Automation as building blocks for more engagement and inclusiveness in banks
As the world pivots from shareholdership to stakeholdership, banks feel the pressure from customers, investors, and society in general to dedicate more resources and attention to topics like ESG and sustainability.
How can banks quickly respond to these voices? As Chris Skinner, one of the most influential voices in technology and financial services, said: "It's not just talking the talk. It's actually committing to walk the walk."
In a session titled "Automation for Good: Automation as an enabler for ESG and Sustainability in Banks", Chris Skinner was one of the panellists on September 9, together with:
- Kim Whitmore, Head of RPA, NatWest Wealth Businesses
- Nitin Purwar, Director Banking Industry Practice at UiPath
- Sultan Mahmood, Senior Partner Digital Operations, PwC
We spoke about "automation as an enabler for a greener future in banks" earlier. During the session on September 9, we talked about a lot more. In this blog, we dedicate more time to how automation contributes to a better work environment and more inclusive banking.
By the way: the recordings of the entire session can be viewed here.
Automation for more engaged bankers
The pandemic made everyone adapt to a new digitally connected reality. Bank customers and employees faced a new era of banking, with digital banking at the heart of this. As we know, change creates challenges, one of them being people that risk missing out because of homeworking.
Kim: "NatWest took a really supportive approach to people's wellbeing and looked at how to get through this time and pull together. RPA became a fundamental thing during that period to take some of the load off of our frontline colleagues, for example, and help them to focus on the stuff that they need to do for our customers."
As people are now slowly returning to the office, it was revealing to hear from Kim that rather than looking at the amount of FTEs saved, their RPA KPIs measure the number of hours that people returned to the business to focus on other activities.
Kim explained this with an example: "We worked with a colleague in operations to automate some processes in his team in the anti-money laundering area. They had a colleague who was suffering from repetitive strain injury from clicking a button over and over again. You know, one of those processes that we shouldn't still have people doing, and we automated that."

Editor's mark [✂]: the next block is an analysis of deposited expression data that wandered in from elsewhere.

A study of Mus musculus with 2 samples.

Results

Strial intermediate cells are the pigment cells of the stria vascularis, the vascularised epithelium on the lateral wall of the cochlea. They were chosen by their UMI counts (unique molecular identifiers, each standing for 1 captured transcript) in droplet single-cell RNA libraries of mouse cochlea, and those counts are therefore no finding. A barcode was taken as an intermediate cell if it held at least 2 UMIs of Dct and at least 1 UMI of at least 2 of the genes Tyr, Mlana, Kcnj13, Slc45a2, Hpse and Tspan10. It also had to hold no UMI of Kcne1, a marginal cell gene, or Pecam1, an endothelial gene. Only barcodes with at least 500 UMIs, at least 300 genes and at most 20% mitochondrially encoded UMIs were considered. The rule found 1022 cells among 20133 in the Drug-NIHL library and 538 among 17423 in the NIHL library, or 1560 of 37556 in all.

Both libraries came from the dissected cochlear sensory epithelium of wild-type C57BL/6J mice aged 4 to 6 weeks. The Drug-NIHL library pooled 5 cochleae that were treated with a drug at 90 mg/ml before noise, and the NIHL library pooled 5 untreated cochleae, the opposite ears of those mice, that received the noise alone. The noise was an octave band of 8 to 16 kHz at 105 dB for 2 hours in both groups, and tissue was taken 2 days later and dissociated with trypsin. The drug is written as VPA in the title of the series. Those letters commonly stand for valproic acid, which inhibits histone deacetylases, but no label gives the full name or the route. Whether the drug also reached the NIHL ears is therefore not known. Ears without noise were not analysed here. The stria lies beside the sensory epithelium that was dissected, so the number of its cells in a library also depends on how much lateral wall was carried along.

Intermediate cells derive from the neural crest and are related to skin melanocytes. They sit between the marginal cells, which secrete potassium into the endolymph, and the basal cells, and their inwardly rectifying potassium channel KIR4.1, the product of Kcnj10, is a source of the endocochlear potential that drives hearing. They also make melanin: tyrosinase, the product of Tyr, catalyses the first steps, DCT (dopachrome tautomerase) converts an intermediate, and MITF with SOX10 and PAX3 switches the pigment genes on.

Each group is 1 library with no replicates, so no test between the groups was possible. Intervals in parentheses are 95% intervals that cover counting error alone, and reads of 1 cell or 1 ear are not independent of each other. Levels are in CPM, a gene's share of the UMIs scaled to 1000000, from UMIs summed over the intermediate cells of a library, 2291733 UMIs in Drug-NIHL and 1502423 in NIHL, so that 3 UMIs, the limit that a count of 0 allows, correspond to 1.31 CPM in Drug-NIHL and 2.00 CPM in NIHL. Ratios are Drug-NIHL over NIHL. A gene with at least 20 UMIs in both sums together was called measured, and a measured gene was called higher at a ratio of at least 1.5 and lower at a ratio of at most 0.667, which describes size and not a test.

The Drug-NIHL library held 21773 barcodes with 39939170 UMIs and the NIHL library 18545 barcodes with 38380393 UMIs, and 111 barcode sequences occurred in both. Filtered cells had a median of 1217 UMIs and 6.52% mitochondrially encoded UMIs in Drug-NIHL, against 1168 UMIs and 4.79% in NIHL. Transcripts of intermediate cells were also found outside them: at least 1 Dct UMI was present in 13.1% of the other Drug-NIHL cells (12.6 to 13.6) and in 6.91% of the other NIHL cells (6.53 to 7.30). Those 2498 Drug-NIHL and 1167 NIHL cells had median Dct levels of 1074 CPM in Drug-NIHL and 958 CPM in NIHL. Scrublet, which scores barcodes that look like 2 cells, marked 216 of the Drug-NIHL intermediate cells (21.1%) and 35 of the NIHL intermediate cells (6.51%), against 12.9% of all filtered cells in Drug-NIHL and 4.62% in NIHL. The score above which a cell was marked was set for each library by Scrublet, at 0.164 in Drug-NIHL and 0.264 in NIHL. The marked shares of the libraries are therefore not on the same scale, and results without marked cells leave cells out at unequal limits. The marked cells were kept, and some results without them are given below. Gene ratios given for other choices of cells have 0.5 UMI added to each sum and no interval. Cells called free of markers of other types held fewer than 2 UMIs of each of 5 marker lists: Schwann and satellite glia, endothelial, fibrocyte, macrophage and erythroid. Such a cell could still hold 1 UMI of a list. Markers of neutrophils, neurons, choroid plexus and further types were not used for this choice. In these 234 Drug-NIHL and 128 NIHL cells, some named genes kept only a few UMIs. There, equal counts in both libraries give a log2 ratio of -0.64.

This triggered many more ideas, and with the support of the RPA team, he ended up automating more processes and eventually got an internal promotion to become a business analyst.
RPA helped reduce workloads off of people and ignited the mindset across the organisation to use the technology for a more enjoyable workplace. That is extremely important in uncertain times. Kim: "Sometimes it is feeling motivated and feeling that you're doing something meaningful at work, which we certainly can contribute to."
Nitin shared an exciting example of health robots: "Every Monday the bot checks how the employee's health is. If the feedback isn’t positive, someone from the bank will come and ask you what happened. It's a small task, but a very meaningful way for an organisation to check on an ongoing basis about the health of all of the employees, right every week. It makes us realise that the organisation is caring."
We are just at the start of enabling more employees in using robots to assist them in their work. Nitin: "We are democratising the use of some of these technologies. Everyone knows about the whole low code, no code movement, and that's one of our own objectives. How can we make technology so easy that everyone can consume it?"
Automation for better banking
Digital banking is not new, but too often, digital banking is used to create a lower-cost digital alternative for existing bank solutions. During the pandemic, the industry recognised that digital banking is more than simply helping people through an app.
Chris highlighted that today 15% of the global population has a disability. Chris: "This, to me, is a big discussion around ESG and financial inclusion. But beyond, it's about how do we rethink financial services digitally for inclusion."
These people are a minority that often fall behind the standardised digital banking services. Banks that help them through the branch network needed to find creative tactical solutions to continue that support during the lockdown.
Having a sister with cerebral palsy herself, Kim was proud to share NatWest's example of an automated process to send Sterling currency to vulnerable clients. Her sister could not enter a PIN, and the branch was the only way to get hold of cash. The opportunities of automation provided an alternative solution to let her access cash.
As an example of how automation can augment the emotional aspect of customer services, Sultan shared the example of a solution to help identify vulnerable customers. They developed "a voice solution trained on algorithms to see if the agent dealing with that customer is missing the point, that there is a vulnerable customer here and flagging that up to that individual in real-time so that they can be treated in the appropriate manner going forward."
Suddenly technology is no longer a means to an end but an enabler in making banking more human again in a digitally connected world.
Today, clearly, if we look at ESG, the most discussed topic is the environmental part. On the other hand, the G of governance and how to deal with your human capital and the S, of how to bring more value to society are evenly important.
Automation has the right set of tools to take new tactical steps in the right direction.
P.S.: if you like more on this topic, look at the interview we did with Nitin Purwar.
P.P.S.: as I said at the beginning of this article: the recordings of the entire session can be viewed here.